Big Ten Tournament 2014: Unsung Players to Watch in Indianapolis

Jamie Sabau/Getty Images

The Big Ten tournament runs from March 13-16 at the Bankers Life Fieldhouse in Indianapolis.

No one needs to have the stars of the Big Ten introduced. Michigan's Nik Stauskas, Iowa's Roy Devyn Marble and Michigan State's Adreian Payne are the conference's best players.

While it's certain these players will have a huge impact on their team's success in the Big Ten tournament and beyond, the role players on many teams will be almost as important.

Here's a look at three unsung players whose play could spur their teams to new heights in the postseason.

 

Melsahn Basabe

Joe Robbins/Getty Images

The Iowa Hawkeyes are in a tailspin. The team has lost four of its last five games. At 20-10, the team is securely in the field of 64, but there's something to be said for hitting the Big Dance with some momentum.

If the Hawkeyes are going to right the ship, Basabe needs to pick up his game. The 6'7" senior does much of the dirty work for Iowa. It's the type of responsibility that goes unnoticed but is essential to winning games.

During the beginning of the Hawkeyes' slump, Basabe missed all but one minute of games against Wisconsin and Minnesota with a stomach virus. The team desperately missed his defense and rebounding. The Hawkeyes were out-rebounded in both games.

Since returning, Basabe has been slow to regain his stride—especially on the glass. In the last three games, he's grabbed a grand total of four rebounds in 49 minutes.

Iowa needs their glue guy to play with the energy he's displayed most of the season.

 

Austin Hollins

Ann Heisenfelt/Associated Press

Hollins can be electrifying when he's playing well, but he's also a bit inconsistent. The 6'4" senior is averaging 11.6 points and 5.7 rebounds per game.

His team has lost four of six and is battling for an at-large bid in the NCAA tournament. It just might need a win or two in the Big Ten tournament to make it to the Big Dance.

Hollins' scoring and energy would be a big boost. He told Brice Marich of Gopher Digest, the team controls its own destiny and just needs to win. 

To do that, Hollins has to be better than he's been in the last six games. Minnesota has dropped four of the contests in that span. In the losses, Hollins is averaging just 8.5 points and four rebounds per game. On Feb. 25, Hollins exploded for 27 points against Iowa to give the team a huge win.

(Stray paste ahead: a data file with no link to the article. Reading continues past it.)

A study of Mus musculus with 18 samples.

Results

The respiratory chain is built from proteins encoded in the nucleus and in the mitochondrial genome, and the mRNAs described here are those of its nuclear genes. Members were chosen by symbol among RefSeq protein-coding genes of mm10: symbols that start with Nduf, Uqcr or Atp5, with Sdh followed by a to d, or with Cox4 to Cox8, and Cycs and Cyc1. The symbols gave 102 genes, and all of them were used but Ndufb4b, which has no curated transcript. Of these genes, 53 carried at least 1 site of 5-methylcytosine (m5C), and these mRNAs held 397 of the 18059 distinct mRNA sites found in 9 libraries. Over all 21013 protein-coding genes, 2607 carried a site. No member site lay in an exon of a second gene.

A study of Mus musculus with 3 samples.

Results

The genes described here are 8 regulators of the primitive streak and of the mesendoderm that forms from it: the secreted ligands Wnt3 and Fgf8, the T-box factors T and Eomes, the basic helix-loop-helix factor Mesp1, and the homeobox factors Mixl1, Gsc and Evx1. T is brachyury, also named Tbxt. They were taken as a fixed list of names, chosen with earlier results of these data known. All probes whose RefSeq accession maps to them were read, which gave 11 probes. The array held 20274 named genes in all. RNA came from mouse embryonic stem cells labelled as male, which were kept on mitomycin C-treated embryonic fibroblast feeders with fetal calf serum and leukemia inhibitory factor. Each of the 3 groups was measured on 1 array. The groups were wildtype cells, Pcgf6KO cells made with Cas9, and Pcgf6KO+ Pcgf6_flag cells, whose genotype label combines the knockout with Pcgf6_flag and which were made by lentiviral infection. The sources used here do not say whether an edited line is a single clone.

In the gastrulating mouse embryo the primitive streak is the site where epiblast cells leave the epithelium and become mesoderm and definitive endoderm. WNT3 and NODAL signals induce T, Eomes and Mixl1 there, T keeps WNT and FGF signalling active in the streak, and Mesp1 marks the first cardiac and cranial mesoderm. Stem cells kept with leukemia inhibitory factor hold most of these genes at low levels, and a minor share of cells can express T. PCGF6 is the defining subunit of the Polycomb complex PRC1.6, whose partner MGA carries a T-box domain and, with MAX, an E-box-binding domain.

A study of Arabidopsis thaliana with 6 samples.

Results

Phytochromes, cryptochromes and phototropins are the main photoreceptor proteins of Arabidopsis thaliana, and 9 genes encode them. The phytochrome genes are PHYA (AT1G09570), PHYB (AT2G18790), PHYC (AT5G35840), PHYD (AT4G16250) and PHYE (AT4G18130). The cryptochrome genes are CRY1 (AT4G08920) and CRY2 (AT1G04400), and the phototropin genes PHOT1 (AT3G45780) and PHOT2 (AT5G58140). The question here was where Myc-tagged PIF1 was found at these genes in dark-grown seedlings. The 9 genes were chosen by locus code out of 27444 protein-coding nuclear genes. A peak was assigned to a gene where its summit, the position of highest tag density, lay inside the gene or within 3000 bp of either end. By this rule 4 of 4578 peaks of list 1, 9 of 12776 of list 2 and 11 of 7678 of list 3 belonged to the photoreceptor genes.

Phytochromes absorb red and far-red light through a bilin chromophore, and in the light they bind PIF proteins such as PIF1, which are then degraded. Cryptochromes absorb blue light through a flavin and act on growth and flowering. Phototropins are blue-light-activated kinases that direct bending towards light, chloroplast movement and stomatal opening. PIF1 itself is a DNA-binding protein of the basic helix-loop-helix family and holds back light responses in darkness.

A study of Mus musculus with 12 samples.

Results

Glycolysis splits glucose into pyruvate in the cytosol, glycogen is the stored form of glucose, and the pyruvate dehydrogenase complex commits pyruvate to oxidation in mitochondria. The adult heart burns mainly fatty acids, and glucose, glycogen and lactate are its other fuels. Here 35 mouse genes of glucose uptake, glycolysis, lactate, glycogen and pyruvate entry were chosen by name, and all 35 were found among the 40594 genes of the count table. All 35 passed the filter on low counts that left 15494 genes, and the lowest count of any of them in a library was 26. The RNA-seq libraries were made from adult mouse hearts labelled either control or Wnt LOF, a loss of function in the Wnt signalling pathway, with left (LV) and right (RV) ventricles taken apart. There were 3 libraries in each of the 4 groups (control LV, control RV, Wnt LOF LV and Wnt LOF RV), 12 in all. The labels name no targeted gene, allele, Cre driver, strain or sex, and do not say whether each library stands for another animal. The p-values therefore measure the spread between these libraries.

The Gophers will need more of that if it plans to make some noise in Indianapolis.

 

Sam Thompson

Jamie Sabau/Getty Images

Speaking of igniters, perhaps no other player in college basketball is as explosive and crowd pleasing as Ohio State's Thompson.

In a moment, he can shift momentum with a slam like this...

image from eleven warriors

or a block like this...

The 6'7" junior has waited for his opportunity to make a bigger impact since he was a freshman. Ohio State head coach Thad Matta has been using Thompson as a sixth man to provide the team a spark off the bench.

Thompson has shown maturity as an upperclassman and accepted the role. He told Daniel Rogers of The Lantern:

I know that every guy in that locker room wants the same thing that I want, and that’s to win basketball games.

(Against) Michigan State, we found a group out there that had it going. I was fortunate enough to be part of that group. Against Iowa, coach Matta found another group that he felt would help best win the game. At the end of the day I’m not upset about playing time, I’m not upset about stats. We wanted to get two big wins last week and we didn’t get them. That’s all my focus is on.

That focus has shown—especially in the Buckeyes' wins. Thompson had 19 against Minnesota on Feb. 22.

In Ohio State's eight losses, Thompson has only scored double figures in two of them. Matta needs his spark plug charged and ready to go in the Big Ten tournament.